A new working group tasked with carving out a path to decolonise public space in the Belgian capital has been selected by regional urbanism agency Urban Brussels.
Sixteen experts in fields ranging to history and architecture to African studies and philosophy were selected as members out of a pool of over two dozen candidates from across the country.
The candidates responded to an open call launched by State Secretary of Heritage and Urbanism Pascal Smet in July, following a wave of anti-racism protests sparked by the police killing of Black American George Floyd which reignited debates over Belgium’s colonial legacies.
In a press release, Smet said that the new working group, set to begin work by mid-November, will reflect on Brussels’ common future “by acknowledging our colonial past and, above all, recognising the mistakes.”
“Brussels does not have a dominant culture. Many people in Brussels have a common past, but above all we have a common future,” he said.
The creation of the group follows months of charged debate and instances of unrest over the presence of statues and memorials to Belgium’s polarising colonial king, Leopold II, and the country’s colonial rule over the Congo.
Several statues, busts and monuments were defaced and some ultimately taken down as the global spread of the US anti-racism and police brutality movement, Black Lives Matter (BLM) galvanised decolonisation activists in Belgium to throw the colonial question back into the spotlight.
The surge in support led two universities to announce the removal of Leopold II busts from campus buildings, including Belgium’s leading university, KU Leuven. It also saw Ixelles Mayor Christos Doulkeridis discreetly announce that the Brussels municipality, home to a large Congolese diaspora, would be removing the bust of a brutal colonial general from a public park.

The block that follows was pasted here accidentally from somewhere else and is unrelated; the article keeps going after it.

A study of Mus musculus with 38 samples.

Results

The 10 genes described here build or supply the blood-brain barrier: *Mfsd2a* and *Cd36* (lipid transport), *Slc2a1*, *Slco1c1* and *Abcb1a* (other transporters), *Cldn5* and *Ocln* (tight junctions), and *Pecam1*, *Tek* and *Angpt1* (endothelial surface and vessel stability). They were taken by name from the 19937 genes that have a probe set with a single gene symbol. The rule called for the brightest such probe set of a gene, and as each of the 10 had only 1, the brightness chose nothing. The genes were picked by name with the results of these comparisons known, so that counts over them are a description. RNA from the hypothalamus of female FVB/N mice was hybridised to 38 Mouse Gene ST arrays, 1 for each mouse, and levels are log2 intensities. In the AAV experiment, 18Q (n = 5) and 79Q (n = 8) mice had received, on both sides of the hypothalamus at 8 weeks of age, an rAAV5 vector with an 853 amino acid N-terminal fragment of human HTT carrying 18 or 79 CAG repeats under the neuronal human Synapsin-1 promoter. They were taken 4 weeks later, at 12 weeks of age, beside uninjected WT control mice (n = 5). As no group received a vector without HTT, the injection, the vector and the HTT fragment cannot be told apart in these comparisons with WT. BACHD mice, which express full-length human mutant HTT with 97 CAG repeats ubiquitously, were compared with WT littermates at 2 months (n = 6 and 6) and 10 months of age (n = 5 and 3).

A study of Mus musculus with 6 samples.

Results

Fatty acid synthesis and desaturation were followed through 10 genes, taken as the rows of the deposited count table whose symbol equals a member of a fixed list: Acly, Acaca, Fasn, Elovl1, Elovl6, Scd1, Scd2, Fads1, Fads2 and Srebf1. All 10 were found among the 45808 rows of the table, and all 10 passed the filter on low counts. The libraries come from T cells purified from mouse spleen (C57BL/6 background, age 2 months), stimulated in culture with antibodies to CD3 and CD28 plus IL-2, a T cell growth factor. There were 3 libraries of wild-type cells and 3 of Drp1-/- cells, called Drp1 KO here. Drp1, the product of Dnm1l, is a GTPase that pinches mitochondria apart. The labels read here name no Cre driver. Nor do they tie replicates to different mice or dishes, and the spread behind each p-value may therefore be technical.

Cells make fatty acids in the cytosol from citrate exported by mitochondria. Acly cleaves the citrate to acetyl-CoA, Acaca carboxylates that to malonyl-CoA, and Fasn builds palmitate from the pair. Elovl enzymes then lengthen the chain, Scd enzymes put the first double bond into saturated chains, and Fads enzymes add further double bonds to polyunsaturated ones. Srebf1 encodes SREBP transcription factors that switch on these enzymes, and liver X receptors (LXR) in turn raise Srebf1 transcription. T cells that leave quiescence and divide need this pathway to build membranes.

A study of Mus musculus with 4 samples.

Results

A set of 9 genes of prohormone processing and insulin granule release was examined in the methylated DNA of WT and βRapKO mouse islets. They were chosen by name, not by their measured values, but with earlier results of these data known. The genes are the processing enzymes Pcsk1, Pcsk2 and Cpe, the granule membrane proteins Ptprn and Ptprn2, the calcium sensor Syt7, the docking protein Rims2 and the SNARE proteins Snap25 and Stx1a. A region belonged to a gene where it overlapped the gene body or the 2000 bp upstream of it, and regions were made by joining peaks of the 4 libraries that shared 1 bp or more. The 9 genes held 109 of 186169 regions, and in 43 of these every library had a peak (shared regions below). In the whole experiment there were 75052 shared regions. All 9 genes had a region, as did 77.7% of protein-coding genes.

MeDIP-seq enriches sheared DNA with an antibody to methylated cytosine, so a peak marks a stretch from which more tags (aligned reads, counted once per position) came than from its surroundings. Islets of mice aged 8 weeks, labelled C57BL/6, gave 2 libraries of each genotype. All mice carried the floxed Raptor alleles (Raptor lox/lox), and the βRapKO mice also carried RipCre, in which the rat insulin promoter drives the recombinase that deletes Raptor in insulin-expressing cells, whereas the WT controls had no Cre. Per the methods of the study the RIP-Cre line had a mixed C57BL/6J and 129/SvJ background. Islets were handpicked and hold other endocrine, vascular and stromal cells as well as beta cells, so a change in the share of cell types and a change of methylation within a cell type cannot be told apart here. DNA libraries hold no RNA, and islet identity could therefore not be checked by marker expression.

In the wake of the protests, Belgium’s King Philippe sent a letter to the Congolese government in late July expressing his “deepest regrets” for the colonial cruelties committed by Belgium, in an unprecedented move by a member of the royal family.
“How should we deal with this colonial period that keeps recurring in our street names, statues or through other references?” Smet wrote. Do we take it away, contextualise it or do we do something completely different? Do we, for example, place a [memorial] for decolonisation in Brussels? There are a lot of questions.”
The working group is set to get to work on issuing a report, due by 2021, aimed at informing and steering short and long-term urban policies and public space renovations in the capital.
In Flanders, where several colonial monuments were defaced or taken down, the regional government recently issued a manual aimed at guiding local governments on how to deal with public signs and symbols of colonialism.